CHARLESTON, W.Va. --
A federal bankruptcy judge said a loan he tentatively approved during a hearing Tuesday would allow Freedom Industries to pay its employees and also pay to clean up a chemical leak into the Elk River earlier this month.
The coal-processing chemical known as Crude MCHM contaminated the West Virginia American Water system in Charleston and led officials to tell residents in nine counties not to drink, wash or cook with their water for days.
Freedom filed for Chapter 11 bankruptcy, which allows companies to reorganize under bankruptcy protection, on Friday. In Tuesday's hearing, U.S. Bankruptcy Judge Ronald Pearson called the case "one of the most unique Chapter 11 cases I've ever seen."
Freedom's president, Gary Southern, and chief financial officer, Terry Cline, testified at the hearing, which lasted a little more than six hours.
Southern told the judge, "Freedom Industries, from where I sit, is in a death spiral." Customers aren't buying from Freedom, he said, and suppliers aren't selling to them.
About 80 percent of Freedom's business is providing protection against freezing for coal, Southern testified Tuesday. The other 20 percent, which Southern called the chemistry business, includes the chemical that leaked into the Elk.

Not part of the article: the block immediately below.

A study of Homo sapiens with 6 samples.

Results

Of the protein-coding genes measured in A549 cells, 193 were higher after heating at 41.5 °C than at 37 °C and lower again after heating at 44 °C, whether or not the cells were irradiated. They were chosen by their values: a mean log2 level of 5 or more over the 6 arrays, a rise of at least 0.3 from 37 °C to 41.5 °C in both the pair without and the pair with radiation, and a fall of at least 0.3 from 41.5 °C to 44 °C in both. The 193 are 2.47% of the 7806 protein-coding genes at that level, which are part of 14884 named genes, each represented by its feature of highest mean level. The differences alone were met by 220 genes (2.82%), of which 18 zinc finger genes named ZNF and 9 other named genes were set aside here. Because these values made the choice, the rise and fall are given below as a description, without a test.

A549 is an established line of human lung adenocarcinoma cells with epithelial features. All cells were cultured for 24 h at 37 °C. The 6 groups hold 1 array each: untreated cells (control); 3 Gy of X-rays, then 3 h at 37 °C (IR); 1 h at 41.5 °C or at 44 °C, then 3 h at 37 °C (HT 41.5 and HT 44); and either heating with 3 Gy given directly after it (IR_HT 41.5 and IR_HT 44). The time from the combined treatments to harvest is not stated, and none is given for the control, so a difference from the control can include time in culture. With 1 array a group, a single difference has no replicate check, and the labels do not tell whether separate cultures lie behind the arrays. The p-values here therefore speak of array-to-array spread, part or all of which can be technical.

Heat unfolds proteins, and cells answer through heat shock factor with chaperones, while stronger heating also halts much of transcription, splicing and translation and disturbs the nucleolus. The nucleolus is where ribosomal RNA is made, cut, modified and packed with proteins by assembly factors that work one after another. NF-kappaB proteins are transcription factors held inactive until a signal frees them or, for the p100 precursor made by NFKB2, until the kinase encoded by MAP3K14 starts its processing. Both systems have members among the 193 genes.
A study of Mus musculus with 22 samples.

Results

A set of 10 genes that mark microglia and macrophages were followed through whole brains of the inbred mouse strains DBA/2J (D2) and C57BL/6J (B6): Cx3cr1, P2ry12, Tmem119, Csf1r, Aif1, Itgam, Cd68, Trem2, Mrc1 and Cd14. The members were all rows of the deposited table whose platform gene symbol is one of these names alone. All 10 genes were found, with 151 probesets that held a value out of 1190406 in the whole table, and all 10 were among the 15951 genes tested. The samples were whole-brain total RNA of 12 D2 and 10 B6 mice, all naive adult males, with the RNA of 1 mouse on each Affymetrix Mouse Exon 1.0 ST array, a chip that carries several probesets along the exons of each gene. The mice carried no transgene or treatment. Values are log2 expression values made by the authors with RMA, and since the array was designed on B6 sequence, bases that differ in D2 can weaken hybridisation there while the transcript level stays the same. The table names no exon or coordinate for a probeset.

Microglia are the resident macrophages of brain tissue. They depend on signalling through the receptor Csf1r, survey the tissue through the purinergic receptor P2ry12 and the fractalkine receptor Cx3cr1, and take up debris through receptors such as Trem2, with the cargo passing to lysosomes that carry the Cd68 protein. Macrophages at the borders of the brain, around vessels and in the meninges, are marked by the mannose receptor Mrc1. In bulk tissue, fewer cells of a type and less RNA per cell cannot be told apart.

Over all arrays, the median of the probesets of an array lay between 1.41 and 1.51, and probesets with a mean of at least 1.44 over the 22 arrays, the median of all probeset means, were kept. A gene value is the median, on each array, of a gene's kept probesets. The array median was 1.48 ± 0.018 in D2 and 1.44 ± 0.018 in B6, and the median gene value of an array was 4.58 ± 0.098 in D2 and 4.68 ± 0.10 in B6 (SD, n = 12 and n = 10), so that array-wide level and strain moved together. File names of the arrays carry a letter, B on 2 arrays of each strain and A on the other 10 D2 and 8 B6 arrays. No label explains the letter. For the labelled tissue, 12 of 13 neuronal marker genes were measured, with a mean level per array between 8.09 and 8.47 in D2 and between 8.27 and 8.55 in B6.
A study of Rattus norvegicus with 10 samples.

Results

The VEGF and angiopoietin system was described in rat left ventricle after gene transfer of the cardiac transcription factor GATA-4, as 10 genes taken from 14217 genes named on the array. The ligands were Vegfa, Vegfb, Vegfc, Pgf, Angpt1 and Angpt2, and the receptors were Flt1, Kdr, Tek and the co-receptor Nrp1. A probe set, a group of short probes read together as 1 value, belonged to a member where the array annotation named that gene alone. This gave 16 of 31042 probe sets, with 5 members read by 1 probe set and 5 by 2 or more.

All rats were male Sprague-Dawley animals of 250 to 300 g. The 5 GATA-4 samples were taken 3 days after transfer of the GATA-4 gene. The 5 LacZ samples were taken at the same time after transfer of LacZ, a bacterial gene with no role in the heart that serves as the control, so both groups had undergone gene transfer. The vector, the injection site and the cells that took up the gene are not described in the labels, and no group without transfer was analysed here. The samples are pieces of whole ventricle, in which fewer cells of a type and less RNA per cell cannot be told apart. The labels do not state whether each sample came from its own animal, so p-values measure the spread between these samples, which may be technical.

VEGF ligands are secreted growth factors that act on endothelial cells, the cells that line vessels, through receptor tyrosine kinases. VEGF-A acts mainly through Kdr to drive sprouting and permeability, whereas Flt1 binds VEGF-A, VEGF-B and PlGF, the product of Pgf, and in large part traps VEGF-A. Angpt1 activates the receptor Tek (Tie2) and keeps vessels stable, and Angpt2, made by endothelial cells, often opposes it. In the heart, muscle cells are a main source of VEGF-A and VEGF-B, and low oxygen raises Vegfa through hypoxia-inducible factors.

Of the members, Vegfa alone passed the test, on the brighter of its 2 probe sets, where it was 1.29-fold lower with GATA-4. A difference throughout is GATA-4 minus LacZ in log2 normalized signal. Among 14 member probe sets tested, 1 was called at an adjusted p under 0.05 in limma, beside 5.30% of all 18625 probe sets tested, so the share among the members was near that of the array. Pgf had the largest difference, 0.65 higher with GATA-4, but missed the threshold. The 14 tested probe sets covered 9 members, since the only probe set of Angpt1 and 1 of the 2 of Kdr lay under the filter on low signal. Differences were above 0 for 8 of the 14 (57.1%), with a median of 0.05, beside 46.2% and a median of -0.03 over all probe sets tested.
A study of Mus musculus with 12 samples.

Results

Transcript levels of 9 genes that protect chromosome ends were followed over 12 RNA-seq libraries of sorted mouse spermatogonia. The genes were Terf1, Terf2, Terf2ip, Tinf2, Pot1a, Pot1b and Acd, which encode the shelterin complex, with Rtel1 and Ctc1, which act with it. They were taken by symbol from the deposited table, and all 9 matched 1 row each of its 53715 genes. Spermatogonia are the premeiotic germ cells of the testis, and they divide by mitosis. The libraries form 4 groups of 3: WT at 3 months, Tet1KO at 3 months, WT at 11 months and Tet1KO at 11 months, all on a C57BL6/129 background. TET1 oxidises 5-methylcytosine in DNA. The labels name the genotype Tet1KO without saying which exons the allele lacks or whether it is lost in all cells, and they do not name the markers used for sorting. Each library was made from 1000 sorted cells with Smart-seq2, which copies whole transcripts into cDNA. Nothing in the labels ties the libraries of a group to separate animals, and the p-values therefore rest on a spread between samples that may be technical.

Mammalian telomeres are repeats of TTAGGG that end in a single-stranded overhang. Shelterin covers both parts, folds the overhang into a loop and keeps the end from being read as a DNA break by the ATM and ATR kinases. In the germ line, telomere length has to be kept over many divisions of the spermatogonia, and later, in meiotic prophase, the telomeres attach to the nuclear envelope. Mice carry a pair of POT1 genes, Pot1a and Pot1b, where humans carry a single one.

The company's busiest time is usually November through March, Southern said.
Cline said Freedom had already put $300,000 toward remediation of the spill, and told the judge the overall cost to the company might be $800,000. But Southern testified later that Freedom had already contributed $800,000 toward remediation costs.
Mark Freedlander, an attorney for Freedom, said company officials weren't willing Tuesday to discuss culpability for the chemical spill.
About an hour after Freedom filed for bankruptcy Friday, the company filed an emergency motion for "debtor-in-possession" (DIP) financing, which would allow it to secure a loan up to $5 million to continue to function in some capacity. The loan would, according to the filing, "provide additional liquidity to [Freedom] in order to allow it to continue as a going concern."
DIP lenders are often among the first agencies to get their money back from bankrupt companies.
Freedom's proposed DIP lender is WV Funding LLC, which was incorporated in West Virginia on Friday, the day Freedom filed bankruptcy.